Generational Conflict Is Resolvable: A Review of Sticking Points by Haydn Shaw



In my possession are various books, each one profiling one generation. Several hundred pages would have to be devoured in order to grasp the four generations currently in today’s workforce. What Haydn Shaw does is address these four generations in summary form in one 288 page volume.

He begins by giving various anecdotes from his teaching seminars to employers and managers. Traditionalists and Boomers complain about the younger generations and Generation X’ers gripe about the Boomers above them or the Millennials below them. He offers insight and solutions in every case, seeking to open the understanding of corporations and their leadership teams as to what makes each one of these divergent groups tick and how to get them to work together.

Having come from different times, each generation has strengths and perspectives relative to that time. Shaw compares it to entering someone else’s country and learning their ways rather than insisting on one’s own customs while on their turf. Americans, especially older ones, tend to think of everyone as coming from the same country, the United States of America. Shaw demonstrates that different times produced different people even in the same country. If it seems like another generation has come from another country, if not planet, than you are on to something, he reasons.

As the title suggests, he offers 12 sticking points that cause conflict in the workplace. Since he explained the generations’ times and how that impacted them, he could then get the reader to apply that knowledge to the differences that arise in the workplace due to them. Instead of being frustrated with those areas that lead to division and conflicts, a company and its management could leverage those differences to produce a better result that reaches all generations.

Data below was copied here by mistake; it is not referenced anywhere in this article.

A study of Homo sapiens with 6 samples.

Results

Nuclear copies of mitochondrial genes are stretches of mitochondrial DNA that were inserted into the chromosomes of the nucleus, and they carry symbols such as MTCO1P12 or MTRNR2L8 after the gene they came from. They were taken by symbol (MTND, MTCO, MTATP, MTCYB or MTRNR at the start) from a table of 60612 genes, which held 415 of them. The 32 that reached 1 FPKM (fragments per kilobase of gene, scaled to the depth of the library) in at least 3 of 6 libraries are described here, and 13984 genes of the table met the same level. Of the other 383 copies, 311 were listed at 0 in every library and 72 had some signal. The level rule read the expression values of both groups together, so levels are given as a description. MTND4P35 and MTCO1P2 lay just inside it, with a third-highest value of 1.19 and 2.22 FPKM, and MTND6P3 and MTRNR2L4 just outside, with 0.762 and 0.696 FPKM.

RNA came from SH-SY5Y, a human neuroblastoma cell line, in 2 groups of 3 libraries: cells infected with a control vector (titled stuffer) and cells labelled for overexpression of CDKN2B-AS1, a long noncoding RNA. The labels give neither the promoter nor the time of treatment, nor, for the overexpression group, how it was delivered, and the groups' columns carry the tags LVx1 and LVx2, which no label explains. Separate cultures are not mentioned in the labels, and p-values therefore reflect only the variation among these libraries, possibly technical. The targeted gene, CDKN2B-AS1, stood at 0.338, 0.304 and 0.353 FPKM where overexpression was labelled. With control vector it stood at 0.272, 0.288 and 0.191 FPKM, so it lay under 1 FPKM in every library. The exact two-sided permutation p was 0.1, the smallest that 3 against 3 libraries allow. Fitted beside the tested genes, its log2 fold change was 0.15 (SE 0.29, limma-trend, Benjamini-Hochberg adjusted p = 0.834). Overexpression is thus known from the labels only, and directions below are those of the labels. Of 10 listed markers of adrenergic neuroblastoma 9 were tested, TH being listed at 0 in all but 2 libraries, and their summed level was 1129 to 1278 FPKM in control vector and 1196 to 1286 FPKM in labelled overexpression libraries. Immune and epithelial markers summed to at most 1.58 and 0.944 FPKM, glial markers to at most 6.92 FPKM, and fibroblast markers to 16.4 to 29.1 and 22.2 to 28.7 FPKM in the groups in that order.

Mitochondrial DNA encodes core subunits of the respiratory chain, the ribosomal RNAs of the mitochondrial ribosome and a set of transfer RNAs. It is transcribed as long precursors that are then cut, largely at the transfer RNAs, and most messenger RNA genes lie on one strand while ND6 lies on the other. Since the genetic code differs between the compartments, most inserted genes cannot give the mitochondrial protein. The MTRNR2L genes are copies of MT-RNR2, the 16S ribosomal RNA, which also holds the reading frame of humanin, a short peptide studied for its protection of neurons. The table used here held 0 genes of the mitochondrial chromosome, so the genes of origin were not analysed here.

While it would be far easier to continue to do things the way they always were done, the fact is that the nation has changed. With that in mind, the institution that refuses to adapt will find the workforce it needs, the customers it seeks and the profit to sustain it all going someplace else. Once a company understands that it will gladly seek to comprehend and leverage the distinctives of each generation to mutual benefit of the corporation, the management team, the workforce and the customers it seeks.

I would recommend this book to anyone seeking to understand what makes the various generations tick. As I read, I found many “aha” moments where the light came on explaining the roadblocks that appeared in my own relationships with generations before and after me. I plan to revisit this book when I am left scratching my head about someone who appears to be from another country even though we were both born in raised in the U.S.A. I trust you will enjoy it and be informed by it as well.

I received a complimentary copy of this book from Tyndale House Publishers in exchange for a review.